Now that President Obama’s oft-repeated claim that Obamacare lets people keep their current health insurance has been exposed as false, it’s a good time to examine Politifact’s track record on the matter.

Now that President Obama’s oft-repeated claim that Obamacare lets people keep their current health insurance has been exposed as false, it’s a good time to examine Politifact’s track record on the matter. It isn’t good.

In six separate columns addressing the Obama claim’s truthfulness between 2008 and 2012, the Tampa Bay Times’ influential fact-checking group did not once correctly label it as false.

This was despite ample evidence to the contrary — often noted in those same columns. Their harshest judgments were that his promise was “half true.” Even those rulings were grudging.

The first of these six Politifact columns ran Oct. 7, 2008, and evaluated Obama's comment, “[I]f you've got a health care plan that you like, you can keep it.” It rated this as “true” since Obama was “accurately describing his [then-proposed] health care plan.”

In other words, it was grading him on the basis of “Did he really promise this?” and not the more relevant “Is this a plausible promise?”

Politifact followed up on Aug. 11, 2009, when Obama said: “If you like your health care plan, you can keep your health care plan.”

This time there was legislation to evaluate and Politifact conceded: “It's not realistic for Obama to make blanket statements that ‘you’ will be able to ‘keep your health care plan.’ ”

That would undermine Obama’s claim, right? Not according to Politifact, which stated: “[O]ne of the points of reform is to change the way health care works right now. So we rate Obama's statement Half True.”

That may have been “one of the points of reform” but that was not relevant to Obama's claim. Politifact was simply moving the goalposts.

The third column appeared March 23, 2012, in reaction to an op-ed by Republican National Committee Chairman Reince Priebus. The fourth ran on June 28, 2012, in response to a Mitt Romney statement.

Both men had stated that up to 20 million people could lose their employer-based coverage under Obamacare.

The figure was based on a Congressional Budget Office study. Its main estimate was 3-5 million but 20 million was a possible alternate scenario.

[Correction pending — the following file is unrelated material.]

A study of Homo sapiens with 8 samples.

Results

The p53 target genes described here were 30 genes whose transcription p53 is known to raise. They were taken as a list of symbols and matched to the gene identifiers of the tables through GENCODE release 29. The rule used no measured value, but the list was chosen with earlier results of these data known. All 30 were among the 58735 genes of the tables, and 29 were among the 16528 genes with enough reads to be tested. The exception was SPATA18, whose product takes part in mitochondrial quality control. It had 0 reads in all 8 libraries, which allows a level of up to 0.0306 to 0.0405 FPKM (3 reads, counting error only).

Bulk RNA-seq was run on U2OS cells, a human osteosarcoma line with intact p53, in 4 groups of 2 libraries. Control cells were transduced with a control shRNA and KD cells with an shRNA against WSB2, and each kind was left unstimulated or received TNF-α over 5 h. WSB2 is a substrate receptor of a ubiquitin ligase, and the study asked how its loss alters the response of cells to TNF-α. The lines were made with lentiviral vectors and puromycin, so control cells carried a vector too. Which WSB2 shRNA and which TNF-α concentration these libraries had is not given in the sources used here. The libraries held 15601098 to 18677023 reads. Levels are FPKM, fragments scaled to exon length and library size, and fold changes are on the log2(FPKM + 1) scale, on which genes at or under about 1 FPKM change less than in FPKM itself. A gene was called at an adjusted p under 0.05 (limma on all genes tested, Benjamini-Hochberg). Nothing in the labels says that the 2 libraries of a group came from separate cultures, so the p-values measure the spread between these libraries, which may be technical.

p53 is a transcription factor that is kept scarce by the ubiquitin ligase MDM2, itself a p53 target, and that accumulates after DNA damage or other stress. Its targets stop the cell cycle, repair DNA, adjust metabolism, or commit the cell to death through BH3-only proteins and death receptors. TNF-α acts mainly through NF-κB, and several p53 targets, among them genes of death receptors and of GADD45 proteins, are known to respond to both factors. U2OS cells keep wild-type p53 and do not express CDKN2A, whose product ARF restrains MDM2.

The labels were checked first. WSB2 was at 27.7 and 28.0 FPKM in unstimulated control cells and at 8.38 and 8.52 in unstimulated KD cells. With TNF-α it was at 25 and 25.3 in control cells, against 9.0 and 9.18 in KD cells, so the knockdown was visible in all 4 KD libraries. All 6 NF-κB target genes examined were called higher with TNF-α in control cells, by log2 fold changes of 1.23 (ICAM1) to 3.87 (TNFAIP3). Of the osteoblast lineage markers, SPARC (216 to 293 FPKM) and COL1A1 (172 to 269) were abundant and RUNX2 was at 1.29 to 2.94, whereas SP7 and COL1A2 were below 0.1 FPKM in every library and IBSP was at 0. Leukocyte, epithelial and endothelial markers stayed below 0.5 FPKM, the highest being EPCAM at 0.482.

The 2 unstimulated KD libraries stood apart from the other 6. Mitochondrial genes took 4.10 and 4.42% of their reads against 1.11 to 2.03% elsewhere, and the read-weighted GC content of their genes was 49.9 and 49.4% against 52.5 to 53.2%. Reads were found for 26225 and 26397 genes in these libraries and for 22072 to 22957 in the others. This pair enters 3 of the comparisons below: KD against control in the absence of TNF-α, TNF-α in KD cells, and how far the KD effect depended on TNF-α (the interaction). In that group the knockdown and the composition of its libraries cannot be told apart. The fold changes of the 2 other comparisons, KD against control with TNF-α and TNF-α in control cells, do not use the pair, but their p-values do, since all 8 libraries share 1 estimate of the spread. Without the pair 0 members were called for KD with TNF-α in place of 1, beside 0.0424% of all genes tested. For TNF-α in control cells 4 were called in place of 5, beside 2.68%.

So, both statements were true, right? Politifact instead dinged Priebus’ as “half true” for not including “important context” like those people “won’t ... be left without insurance options. They should have access to coverage on the [government] exchanges.”

In other words, it is unfair to say millions will lose their employer-based coverage because after they lose it, they’ll be able to get government coverage.

Politifact was even harsher on Romney, rating his comment “false” because the 20 million figure was “cherry picked.” It repeated the grade in a follow-up Oct. 3, 2012, column.

Granted, Priebus and Romney presented the highest estimate as the most likely one and ignored that some might voluntarily drop their insurance. But on the larger question of whether millions would lose their insurance both were indisputably right.

Politifact took another swing on June 28, 2012, the same day it was calling Romney a liar. This column reacted to Obama's statement:

“If you're one of the more than 250 million Americans who already have health insurance, you will keep your health insurance.”

It was his most definitive statement yet. Politifact noted: “Obama suggests that keeping the insurance you like is guaranteed.”

It nevertheless gave the president a pass because “many Americans already lose their current health plan for reasons that have nothing to do with the new law.” So, hey, what’s the big deal?

Politifact concluded: “Americans on balance benefit from the law’s provisions. We rate Obama’s claim Half True.”

I asked Politifact’s editors whether they still stood by these columns. Editor Angie Holan did not respond directly, instead emailing me a round up of their more recent columns on aspects of the Obamacare debate. I asked again and she did not respond.

Apparently, Politifact thinks accountability is something that only applies to other people.